Yet again, it was a numerical mismatch for Robert Morris, something that will be the case for the indefinite future.
Just like they did Thursday in a rout of Sacred Heart, the Colonials dressed only eight players against Wagner Saturday in the wake of suspensions and other roster defections.
And at certain points, it showed. There was a moment when 6-foot point guard Anthony Myers-Pate had to defend 6-7 forward Mario Moody and later had to post up on offense against 6-11 center Naofall Folahan. Against one of the biggest, deepest teams in the Northeast Conference, there were extended stretches when Robert Morris' second-tallest player on the court was 6-3 guard Charles Oliver.
But despite all that -- the lack of size, the lack of depth and playing against a markedly better opponent than the one two days before -- the Colonials again found a way to win.
Karvel Anderson scored a game-high 21 points, leading a group of four teammates who scored in double figures, as Robert Morris (11-10, 6-0) held on to defeat Wagner, 74-70, at Sewall Center.
After the game, coach Andy Toole spoke at length about gods, the kind that exert control over a basketball game by rewarding those who play the right way. With his team short-handed again, it got some help when it needed it.
"I'm not the most religious person, but I believe in the basketball gods and they might have been with us on that occasion because of the effort and the respect our guys gave over a 40-minute period," Toole said. "Everybody was on the floor, everybody was making plays, everybody was together, everybody was cheering for each other and sometimes when you do those things, the ball bounces your way."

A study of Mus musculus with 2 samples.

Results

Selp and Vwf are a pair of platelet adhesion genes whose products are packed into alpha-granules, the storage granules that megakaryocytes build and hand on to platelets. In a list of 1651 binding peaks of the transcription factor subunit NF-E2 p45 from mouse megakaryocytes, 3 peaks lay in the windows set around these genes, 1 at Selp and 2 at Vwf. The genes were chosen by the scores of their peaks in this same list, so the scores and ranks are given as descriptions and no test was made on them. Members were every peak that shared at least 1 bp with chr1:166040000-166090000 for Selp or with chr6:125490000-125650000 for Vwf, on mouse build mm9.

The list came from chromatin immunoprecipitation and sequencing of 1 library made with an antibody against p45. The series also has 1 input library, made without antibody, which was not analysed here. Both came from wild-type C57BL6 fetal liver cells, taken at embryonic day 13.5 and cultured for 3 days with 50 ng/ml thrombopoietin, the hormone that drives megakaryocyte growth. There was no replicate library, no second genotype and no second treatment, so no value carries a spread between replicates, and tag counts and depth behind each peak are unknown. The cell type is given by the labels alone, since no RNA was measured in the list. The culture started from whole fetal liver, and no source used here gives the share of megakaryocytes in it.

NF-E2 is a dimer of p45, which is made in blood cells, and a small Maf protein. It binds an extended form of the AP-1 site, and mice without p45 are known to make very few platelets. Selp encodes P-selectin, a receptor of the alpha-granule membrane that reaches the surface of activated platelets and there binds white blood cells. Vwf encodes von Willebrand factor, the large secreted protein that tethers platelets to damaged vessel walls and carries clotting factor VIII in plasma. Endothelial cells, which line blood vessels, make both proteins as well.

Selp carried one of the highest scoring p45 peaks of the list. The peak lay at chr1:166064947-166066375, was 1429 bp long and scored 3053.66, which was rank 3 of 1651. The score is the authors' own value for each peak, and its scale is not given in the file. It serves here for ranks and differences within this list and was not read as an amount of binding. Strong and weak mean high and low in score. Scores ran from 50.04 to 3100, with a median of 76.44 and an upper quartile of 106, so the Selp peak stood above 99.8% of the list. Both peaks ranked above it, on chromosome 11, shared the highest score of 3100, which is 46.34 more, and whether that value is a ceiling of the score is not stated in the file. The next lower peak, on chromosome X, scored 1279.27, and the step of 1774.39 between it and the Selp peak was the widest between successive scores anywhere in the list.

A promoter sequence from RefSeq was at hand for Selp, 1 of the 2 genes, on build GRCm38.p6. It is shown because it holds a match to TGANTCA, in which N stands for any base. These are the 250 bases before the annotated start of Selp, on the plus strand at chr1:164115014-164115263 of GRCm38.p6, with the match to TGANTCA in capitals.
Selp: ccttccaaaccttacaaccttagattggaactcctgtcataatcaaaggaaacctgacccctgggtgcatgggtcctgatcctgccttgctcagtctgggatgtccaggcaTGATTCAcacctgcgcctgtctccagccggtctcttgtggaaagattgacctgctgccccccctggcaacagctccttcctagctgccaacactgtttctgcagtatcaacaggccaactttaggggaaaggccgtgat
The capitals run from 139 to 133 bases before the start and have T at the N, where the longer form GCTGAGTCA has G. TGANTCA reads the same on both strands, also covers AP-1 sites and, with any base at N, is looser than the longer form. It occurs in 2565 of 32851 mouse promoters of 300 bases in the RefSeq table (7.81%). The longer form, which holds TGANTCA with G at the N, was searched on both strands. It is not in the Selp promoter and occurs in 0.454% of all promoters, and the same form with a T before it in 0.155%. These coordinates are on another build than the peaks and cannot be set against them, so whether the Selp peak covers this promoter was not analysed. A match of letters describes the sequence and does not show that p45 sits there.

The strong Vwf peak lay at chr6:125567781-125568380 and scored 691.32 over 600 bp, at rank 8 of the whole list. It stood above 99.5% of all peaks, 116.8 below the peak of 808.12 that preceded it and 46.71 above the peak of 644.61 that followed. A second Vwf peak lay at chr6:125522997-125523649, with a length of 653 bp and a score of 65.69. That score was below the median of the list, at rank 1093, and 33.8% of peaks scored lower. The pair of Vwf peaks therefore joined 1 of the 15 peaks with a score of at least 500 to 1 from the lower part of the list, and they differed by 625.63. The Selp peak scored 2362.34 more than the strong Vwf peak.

In particular, Toole was referencing the game's final point. Colonials forward Aaron Tate -- a 35.7 percent free-throw shooter -- had a free throw bounce off the rim and nearly off the top of the backboard before going in to give his team a four-point lead with five seconds remaining.
Robert Morris trailed by five with 11 minutes left, but went on a 12-2 run to take a 61-55 lead. The Seahawks (9-10, 3-3) remained close for the rest of the game, trailing by only one point in the final minute. But freshman point guard Kavon Stewart made all four of his free-throw attempts in the final 30 seconds to help keep the Colonials' cushion intact before Tate put the game away.
Though Robert Morris was without six players, some watched from the stands, still providing support.
To their active teammates, their presence was felt.
"Those are still our brothers," Anderson said. "Whatever happened, happened. It takes nothing away from what we've been through the whole year and the preseason. They're still family no matter what."
Robert Morris' 6-0 start in NEC play is the best in program history and the victory also marks the first time the Colonials have been above .500 since Nov. 22. Myers-Pate added 12 points while Stewart and Lucky Jones had 10 apiece.
The players know that the past two games could be indicative of what faces them for the rest of the season. But if those wins were any barometer for what's to come, they're fine with the numbers they have.
"Coming into this game, we continued to tell ourselves that we have a lot of fight in us," Jones said. "Even though people keep doubting us, we're still going to get the job done."